I’ve been a viewer of 13 Reasons Why since it first aired on Netflix in 2017 because of the way it explores many issues I experienced as a teen. As a volunteer at Jane’s Due Process, a Texas-based nonprofit that assists teens seeking an abortion, I was immediately drawn to the latest season, which became available on August 23, because it includes an abortion storyline. However, after watching the episode, I felt it missed a perfect opportunity to address a difficult restriction many teens face when seeking an abortion: parental involvement laws.
As other media outlets acknowledged shortly after the episode’s release, the character, Chloe Rice, does experience common forms of anti-abortion stigma while visiting what we know as a crisis pregnancy center (CPC), or a fake clinic that doesn’t provide abortion. Known to lie and shame, these anti-choice centers often attempt to influence people who have already made the decision to have an abortion. In this case, Chloe, who was facing an unintended pregnancy by her abusive partner, had made the decision to have an abortion with the support of a friend. But before she visits a real abortion clinic, like many, she finds herself inside a CPC. It is during this scene that we are informed there is no parental consent law in California, the show’s fictional setting.
While parental involvement may not be needed in California, the majority of states do still require it. In fact, 36 states have some form of parental involvement laws, which can range from requiring a parent’s consent for an abortion to a parent being notified, or both. These laws are burdensome for teens needing abortions, and they disproportionately affect low-income people of color, as well as jeopardize the teen’s own safety. While most teens do involve their parent(s) when having an abortion, the teens who are unable to do so—for good reasons—have the legal right to petition for a judicial bypass, or written permission from a judge to have an abortion.
Because the show, which films in Northern California, hasn’t explicitly emphasized its location before or made it crucial to the plot (in order, as some argue, “to make the issues the teens face more timeless and relatable”), seeing Chloe experience the barrier of parental consent would have been completely believable. Had the show not blatantly specified that parental consent was not a factor in this situation, teen viewers living in states with those restrictions might have had an opportunity to learn about their rights when seeking an abortion. This is especially significant considering many teens are unaware that they have a legal right to petition for a judicial bypass.
For those in Texas, Jane’s Due Process provides logistical support every step of the way. For those living elsewhere, we help teens learn about the process for a judicial bypass in their own state, providing emotional support and information as needed. In 2018, 182 Texan teens successfully secured a judicial bypass.
When a teen in Texas contacts Jane’s Due Process, we locate their nearest abortion clinic and go through an intake process, so we know exactly how we can best support them. Most young people experience the additional barriers of needing money and transportation, so we help them apply for assistance through abortion funds and practical support organizations. Later, we match them with a free attorney who helps them prepare for a hearing with the judge who will decide if they are mature enough to make this decision without their parent(s). It is a burdensome process that more than 200 teens in Texas experienced last year—with over 75 percent of them being young people of color.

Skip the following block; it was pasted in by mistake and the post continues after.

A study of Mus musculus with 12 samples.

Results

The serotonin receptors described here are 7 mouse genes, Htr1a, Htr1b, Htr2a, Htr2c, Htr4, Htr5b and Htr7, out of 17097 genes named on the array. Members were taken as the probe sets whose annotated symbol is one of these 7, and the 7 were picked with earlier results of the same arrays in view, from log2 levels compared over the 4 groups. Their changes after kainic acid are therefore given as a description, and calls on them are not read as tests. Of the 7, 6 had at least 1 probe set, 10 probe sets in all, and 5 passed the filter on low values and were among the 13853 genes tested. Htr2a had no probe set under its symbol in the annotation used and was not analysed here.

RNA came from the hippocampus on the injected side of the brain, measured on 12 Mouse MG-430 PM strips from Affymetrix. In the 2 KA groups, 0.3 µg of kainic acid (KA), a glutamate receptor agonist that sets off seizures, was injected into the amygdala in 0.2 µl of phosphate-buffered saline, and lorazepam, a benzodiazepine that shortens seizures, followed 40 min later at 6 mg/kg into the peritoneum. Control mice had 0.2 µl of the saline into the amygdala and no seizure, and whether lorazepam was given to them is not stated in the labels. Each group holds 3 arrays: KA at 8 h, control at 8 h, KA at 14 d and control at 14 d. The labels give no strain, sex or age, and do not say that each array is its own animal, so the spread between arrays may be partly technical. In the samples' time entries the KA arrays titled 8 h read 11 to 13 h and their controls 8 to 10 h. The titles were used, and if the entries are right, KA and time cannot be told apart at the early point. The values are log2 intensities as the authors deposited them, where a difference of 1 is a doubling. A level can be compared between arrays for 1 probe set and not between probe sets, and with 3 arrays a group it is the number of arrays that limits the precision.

CoWanda Rusk, a storyteller with the National Network of Abortion Funds’ Youth Testify leadership program, talked to PopSugar in July about her experience needing a judicial bypass. “As a black person in America, she said, the thought of stepping into a courtroom was traumatizing enough on its own,” PopSugar reported. “Add in asking another human being for permission to make an extremely personal decision, and the experience threatened to feel completely dehumanizing.”
“You only have yourself,” Rusk told the publication. “If you can’t govern yourself, then what control do you really have over anything?”
This is one of many experiences a teen may have while seeking an abortion in the United States that could have been addressed in the show.
Ultimately, the issue with media representations of abortion experiences is that what’s portrayed isn’t drawn from the lives of the people most affected by abortion restrictions: people of color, young people, LGBTQ communities, undocumented individuals, and parents. CoWanda Rusk put it this way to me: “It makes me feel isolated, underrepresented, and uncared for.”
“Our health-care system was not designed with teens in mind, so as far as parental consent, most teens don’t even have that type of access to their parents,” she added. “Having conversations about things like sex, pregnancy, and abortion are things that many teens don’t feel safe bringing to their parents. The answer to that isn’t forcing their involvement.”
As an adult who’s had an abortion, I did feel Chloe’s experience in the show resonate with me. I appreciated how sensitively the scene of her procedure was done. The length of the scene gave the viewer enough time to grasp how she was feeling. I connected most with the close-up of Chloe’s face during her abortion. Anne Winters did a fantastic job showing the complexity of her character’s decision-making, while reflecting that it was the right choice in her facial expression.
But for a show that aims to increase awareness around real issues, there is so much more that could have been done for teen viewers who may need an abortion in one of the 36 states with parental involvement laws.